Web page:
I had this conversation with a bunch of Millennial…

  1. I wish to retire at 43 is it possible?

The answer is NO. You are now 25 years of age and are earning Rs. 4L a year. This is not a great salary, but you will not be able to invest more than Rs. 3000 a month after paying off your taxes, rent, food expenses…etc. I am not commenting on the quantum of money that you are saving, but this is surely not enough for you to retire at 43. More importantly you have to estimate that you will live till the age of 100 (if you die early, it would still be 94 or 95). Which means even at current expenses of Rs. 4L a year (you are a bachelor) it will be Rs. 30L by the time you are 43. At that time you will need about 40 times (the 30 times rule will not work for early retirees)..so that means about Rs. 12 crores. You will be nowhere near that figure.

  1. What should be the steps that I need to take for my retirement? I am 24 and just started earning Rs. 6L p.a. and can invest Rs. 15000 per month for RETIREMENT.

Ans: Wow. I am impressed with your ability to save Rs. 15k pm just for retirement. I guess this comes from the fact that you stay with your parents, and do not have to pay for food or rent. That is a big cash saving especially at the start of your career. I am assuming that you will get married at the age of 30, and then your expense pattern may change a bit. Right now I would suggest a Multi cap fund – with say 50% large cap, 30% mid cap and 20% small cap. Just start your sip of Rs. 15000 and keep increasing the amount by 10% every year. Do look at it regularly, but you don’t need to interfere in the compounding process. Bas lage raho. You will reach your destination on time. Maybe before time.

  1. My IFA used to tell my father “19% return is a given” about 5 years ago. Now he has changed his tune and he says “15 percent”. You in your blogs say 12%. Over the past 4 years I have got even worse returns than 12% p.a. in a Bluechip fund. What number should I really believe?

Ans: Fair question. It is difficult for a youngster like you to know what is a good number to target. Frankly, all of us are BLUFFING. None of us have a clue how the economy will function over the next 30 years. So whether it is your dad’s IFA, the FM, the PM, Niti Aayog head or me myself, we are all assuming some number. This is essential because we can’t tell you “some number”. It will not work in excel. Excel needs a number. So look at that Retirement calculator that I sent you. Let us estimate that you will require Rs. 20 crores for retirement. Suppose the amount that you require to invest is Rs. 5000 per month, and you will keep increasing the amount at 10% year on year. We are assuming that you will get about 15% p.a. Now, 5 years from now you find that you have got 13%pa CAGR. Not a bad rate, but less than what we thought you will get. Just increase the SIP amount – you will be doing Rs. 7000 per month thanks to the top up – just increase the SIP amount to Rs. 8000. THAT IS WHAT YOU CAN CONTROL. You can’t control the return that you are getting. However you can keep increasing the amount. Maybe it will require some sacrifice. Maybe your wife will also start contributing to the same goal. Just start. That is important.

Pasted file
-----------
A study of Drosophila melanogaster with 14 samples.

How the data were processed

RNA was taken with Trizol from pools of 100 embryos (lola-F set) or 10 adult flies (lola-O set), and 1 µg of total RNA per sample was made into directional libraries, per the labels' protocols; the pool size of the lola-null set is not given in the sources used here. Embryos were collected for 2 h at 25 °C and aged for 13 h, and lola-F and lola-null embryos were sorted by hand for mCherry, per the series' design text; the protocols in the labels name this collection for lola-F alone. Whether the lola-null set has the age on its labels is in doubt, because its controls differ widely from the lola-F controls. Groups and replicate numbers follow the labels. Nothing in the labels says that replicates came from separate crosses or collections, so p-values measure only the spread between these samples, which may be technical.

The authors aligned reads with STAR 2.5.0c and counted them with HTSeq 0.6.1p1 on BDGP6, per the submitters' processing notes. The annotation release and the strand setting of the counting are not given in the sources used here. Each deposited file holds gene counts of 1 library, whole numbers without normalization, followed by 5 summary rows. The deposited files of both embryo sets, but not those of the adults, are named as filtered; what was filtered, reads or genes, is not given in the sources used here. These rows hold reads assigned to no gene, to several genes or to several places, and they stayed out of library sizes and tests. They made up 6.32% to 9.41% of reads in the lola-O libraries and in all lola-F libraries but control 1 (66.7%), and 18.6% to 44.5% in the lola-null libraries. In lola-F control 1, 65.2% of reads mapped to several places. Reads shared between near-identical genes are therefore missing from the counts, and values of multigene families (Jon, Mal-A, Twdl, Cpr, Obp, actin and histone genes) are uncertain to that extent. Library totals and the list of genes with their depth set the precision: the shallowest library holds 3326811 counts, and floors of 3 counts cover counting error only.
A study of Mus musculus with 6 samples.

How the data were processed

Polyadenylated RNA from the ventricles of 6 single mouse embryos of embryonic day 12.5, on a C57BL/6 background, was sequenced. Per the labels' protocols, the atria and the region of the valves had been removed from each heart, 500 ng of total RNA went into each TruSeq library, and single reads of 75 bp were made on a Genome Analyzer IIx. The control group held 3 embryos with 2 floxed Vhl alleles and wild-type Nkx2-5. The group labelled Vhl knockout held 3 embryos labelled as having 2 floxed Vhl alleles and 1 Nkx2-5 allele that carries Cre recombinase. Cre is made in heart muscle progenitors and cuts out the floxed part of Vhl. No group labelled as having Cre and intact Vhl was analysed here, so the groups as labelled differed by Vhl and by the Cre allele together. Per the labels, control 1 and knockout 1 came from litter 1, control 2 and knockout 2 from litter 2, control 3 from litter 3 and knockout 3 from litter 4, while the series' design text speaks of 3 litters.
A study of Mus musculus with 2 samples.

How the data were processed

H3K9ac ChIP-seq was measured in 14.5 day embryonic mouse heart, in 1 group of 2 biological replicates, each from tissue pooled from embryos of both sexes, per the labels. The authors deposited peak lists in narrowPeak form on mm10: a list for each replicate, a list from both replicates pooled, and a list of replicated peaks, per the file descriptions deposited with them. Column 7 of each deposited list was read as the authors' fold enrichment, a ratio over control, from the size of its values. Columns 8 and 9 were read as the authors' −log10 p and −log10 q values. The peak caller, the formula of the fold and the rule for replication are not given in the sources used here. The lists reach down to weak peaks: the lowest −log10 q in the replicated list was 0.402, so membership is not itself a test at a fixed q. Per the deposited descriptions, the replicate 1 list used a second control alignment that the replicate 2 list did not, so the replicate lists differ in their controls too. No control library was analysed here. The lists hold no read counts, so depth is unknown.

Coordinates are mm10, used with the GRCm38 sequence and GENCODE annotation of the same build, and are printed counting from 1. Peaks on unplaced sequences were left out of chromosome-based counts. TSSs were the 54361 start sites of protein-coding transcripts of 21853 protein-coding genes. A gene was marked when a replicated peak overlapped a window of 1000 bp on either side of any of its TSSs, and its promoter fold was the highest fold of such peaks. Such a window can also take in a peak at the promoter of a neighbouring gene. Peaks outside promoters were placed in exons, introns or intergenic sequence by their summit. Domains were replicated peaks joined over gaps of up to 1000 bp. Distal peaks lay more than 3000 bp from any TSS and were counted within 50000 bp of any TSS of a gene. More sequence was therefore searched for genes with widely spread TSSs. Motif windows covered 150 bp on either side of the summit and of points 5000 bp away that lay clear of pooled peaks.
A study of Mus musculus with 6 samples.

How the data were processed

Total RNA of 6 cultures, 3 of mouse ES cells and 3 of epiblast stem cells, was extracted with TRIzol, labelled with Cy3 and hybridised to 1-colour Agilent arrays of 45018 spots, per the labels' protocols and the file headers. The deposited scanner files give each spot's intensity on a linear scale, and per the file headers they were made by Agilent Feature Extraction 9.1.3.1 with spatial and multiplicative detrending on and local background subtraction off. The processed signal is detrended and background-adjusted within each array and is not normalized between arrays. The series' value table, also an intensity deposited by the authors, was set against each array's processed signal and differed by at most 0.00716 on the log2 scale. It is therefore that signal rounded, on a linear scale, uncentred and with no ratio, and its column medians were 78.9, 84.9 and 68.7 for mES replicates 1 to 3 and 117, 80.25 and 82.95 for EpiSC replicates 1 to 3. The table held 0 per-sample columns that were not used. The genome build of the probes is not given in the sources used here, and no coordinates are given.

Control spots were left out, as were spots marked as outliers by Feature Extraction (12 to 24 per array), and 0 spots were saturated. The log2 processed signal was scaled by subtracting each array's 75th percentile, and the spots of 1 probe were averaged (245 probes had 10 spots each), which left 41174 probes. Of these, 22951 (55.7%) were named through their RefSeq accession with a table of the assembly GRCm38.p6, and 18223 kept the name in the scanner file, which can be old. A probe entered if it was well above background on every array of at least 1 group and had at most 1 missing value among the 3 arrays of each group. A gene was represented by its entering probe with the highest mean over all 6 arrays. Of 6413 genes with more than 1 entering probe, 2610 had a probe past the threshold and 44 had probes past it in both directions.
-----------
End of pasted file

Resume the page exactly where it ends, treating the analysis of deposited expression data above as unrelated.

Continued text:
Remember Start Early, Invest wisely, and Reach your destination. This is exactly how you drive, eat, invest….the basics do not change!!


    24 yr old – 4L is the “earning” and not “expenditure”… even if it is taken as expenditure, when this guy has a family, it can be increased by 50% to 6L (rent, electricity, large grocery etc remains common)… at 43 (18yrs later) how can 6L become 30L?? that’s like saying expense is doubling every 3yrs?? That means an inflation rate of 24% for next 18-years consecutively !!!!!!

    if the whole purpose of such stories is to scare away normal investors, then I am sorry but I have to strongly disagree….

  2. The best advise would be to try to become a Mark Zuckerberg or the Flipkart Bansals. They could retire at 35.

  3. @Mohit: For an upper middle class household in a metro, raising two children itself will cost at least 6-7 Lacs per annum (school fee, tuitions, extracurriculars, commute, apparels, toys, entertainment etc). Add to it the housing (rent/EMI), society maintenance charges, groceries, household help, healthcare, parents, car EMI, petrol expenditure, furniture, gadgets & household appliances, insurance premiums and so on…the annual expenditure will easily exceed 20-25 Lacs when the said person is in his early 40s.

    FYI, 14 yrs back, when I was 26, my annual expenditure was hardly Rs 70-80k (apart from the shared dormitory like free accommodation provided by my employer)

  4. @Kalyan, that upper middle class household spends 25 Lacs bcoz they earn 45 Lacs. That does not mean another household earning 15 Lacs per annum will also spend that much. Well they need to borrow to do that.
    In India there is still room for people with lower income, just that they wont go to 5 star hotel for dinner, wont buy German imported furniture and cars, wont send kids to international schools paying 5Lacs fee, wont go for a foreign vacation every year.
    I think the latter group is more in number than the former in India.
    And if you want to spend 25 Lacs a year, you better earn 40 Lacs annually because no amount of investing will help you to realise that spending.
    Clearly earnings will dictate spending habits.